San Antonio man found guilty of killing wife could get life in prison
Jurors are scheduled to begin hearing testimony at 10 a.m. Thursday in the punishment phase of Gabriel Martinez’s trial.
After deliberating 1 hour and 21 minutes Wednesday afternoon, the jury found Martinez, 37, guilty of murder in the shooting death of his wife, 35-year-old Lori Lee Ortiz.
Murder, a first degree felony, is punishable by a prison sentence of 5 to 99 years, or life in prison.
Ortiz was shot three times on May 18, 2016, in the bedroom of the home she shared with Martinez and their children on the Southwest Side. They had been having an on again, off again relationship since they met in high school.
Ortiz was pronounced dead at University Hospital the night of the shooting; Martinez was critically injured with a gunshot wound in the abdomen and was charged while he was still in the hospital.
On ExpressNews.com: Hospitalized man to be charged by proxy with murder in wife’s death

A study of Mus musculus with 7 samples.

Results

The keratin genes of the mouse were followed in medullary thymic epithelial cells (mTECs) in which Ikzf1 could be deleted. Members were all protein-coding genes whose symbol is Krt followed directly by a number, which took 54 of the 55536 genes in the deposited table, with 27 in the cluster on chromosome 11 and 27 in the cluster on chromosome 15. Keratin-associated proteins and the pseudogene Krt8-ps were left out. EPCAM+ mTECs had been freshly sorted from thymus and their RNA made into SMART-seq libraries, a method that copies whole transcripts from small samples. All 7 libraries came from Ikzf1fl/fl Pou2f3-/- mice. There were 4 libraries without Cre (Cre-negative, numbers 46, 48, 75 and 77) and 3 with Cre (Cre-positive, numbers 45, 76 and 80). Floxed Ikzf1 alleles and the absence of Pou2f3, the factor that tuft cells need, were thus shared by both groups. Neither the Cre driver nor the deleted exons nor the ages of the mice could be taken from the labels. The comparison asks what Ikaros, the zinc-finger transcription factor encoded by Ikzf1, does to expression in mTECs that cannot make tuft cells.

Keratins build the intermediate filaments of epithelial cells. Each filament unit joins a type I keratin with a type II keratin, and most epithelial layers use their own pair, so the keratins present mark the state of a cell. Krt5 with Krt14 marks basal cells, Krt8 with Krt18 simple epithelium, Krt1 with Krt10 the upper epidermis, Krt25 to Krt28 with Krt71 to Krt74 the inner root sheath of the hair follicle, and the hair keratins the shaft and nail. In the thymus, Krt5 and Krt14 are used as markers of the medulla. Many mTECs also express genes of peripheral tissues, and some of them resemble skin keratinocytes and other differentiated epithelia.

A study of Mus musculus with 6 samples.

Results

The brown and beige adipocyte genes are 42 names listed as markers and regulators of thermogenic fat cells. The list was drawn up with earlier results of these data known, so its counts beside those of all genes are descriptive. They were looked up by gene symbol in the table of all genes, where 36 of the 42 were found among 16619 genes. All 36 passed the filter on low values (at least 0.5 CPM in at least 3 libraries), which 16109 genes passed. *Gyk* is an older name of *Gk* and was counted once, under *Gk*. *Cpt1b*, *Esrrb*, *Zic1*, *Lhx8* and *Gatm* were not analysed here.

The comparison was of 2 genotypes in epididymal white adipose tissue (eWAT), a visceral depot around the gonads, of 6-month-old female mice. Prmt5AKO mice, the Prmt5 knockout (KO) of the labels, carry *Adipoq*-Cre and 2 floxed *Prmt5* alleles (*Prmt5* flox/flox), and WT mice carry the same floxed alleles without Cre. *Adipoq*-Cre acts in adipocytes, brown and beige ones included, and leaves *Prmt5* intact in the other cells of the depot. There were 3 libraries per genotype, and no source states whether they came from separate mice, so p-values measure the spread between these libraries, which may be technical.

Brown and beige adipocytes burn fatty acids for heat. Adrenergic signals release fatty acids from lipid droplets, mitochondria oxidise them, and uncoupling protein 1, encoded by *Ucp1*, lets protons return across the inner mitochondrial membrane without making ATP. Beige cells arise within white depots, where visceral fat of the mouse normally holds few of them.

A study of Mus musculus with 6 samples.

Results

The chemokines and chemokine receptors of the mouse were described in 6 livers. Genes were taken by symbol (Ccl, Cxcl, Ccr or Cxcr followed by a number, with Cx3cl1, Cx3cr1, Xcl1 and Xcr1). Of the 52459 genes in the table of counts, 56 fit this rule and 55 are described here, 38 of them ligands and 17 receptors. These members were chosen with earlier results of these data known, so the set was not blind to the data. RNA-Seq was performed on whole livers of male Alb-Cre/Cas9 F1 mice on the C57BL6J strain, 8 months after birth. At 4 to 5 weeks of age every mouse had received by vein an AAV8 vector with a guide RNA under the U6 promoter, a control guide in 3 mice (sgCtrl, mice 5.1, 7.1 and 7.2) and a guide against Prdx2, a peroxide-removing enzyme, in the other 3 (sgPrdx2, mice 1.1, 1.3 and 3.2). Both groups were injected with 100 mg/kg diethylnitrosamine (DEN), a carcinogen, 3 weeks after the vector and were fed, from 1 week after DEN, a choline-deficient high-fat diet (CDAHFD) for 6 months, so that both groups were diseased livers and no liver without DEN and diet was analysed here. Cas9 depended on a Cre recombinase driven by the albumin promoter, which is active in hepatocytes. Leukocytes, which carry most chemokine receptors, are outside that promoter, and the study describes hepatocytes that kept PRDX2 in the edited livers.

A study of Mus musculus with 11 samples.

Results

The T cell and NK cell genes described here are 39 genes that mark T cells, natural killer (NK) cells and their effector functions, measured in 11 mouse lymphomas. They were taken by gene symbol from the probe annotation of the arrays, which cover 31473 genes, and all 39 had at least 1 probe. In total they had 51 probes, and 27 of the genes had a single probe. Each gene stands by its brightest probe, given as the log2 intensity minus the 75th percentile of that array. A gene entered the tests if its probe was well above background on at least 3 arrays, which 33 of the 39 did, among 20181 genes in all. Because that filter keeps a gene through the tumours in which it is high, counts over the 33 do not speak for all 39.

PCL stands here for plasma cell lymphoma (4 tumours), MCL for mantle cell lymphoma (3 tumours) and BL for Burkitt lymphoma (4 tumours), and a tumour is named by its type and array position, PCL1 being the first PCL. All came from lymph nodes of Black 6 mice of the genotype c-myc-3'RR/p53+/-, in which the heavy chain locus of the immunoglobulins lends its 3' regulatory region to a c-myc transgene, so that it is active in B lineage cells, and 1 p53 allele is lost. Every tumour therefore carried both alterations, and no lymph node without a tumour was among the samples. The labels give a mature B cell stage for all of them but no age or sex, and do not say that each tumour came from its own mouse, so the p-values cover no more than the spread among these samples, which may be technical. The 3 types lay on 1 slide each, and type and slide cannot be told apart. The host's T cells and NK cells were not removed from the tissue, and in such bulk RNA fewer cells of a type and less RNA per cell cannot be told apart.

Prosecutors said Martinez shot her three times with an AK 47 rifle after he accused her of having an affair and then turned the weapon on himself in an attempted suicide.
Martinez took the stand to testify, a rare move for a defendant. He contradicted himself several times on the stand and gave varying versions of what happened. At one point, he said he was cleaning the gun before it went off; another time he said she reached for the gun when he told he was going to pawn it for cash and that he was shot as they struggled over the weapon, causing him to pass out. At still another point, he said that after he was shot, he was afraid he was going to be shot again so he took the rifle from her and threw it away from them before losing consciousness.
On ExpressNews.com: Husband takes stand in own defense; jury finds him guilty
In his closing argument, Martinez’s attorney also suggested she may have shot herself.
In the end, the jury was given the option of choosing the lesser charge of manslaughter as well as murder. Jurors decided Ortiz’s death was murder.
The trial, which started Friday, is in 379th state district court, Judge Ron Rangel presiding.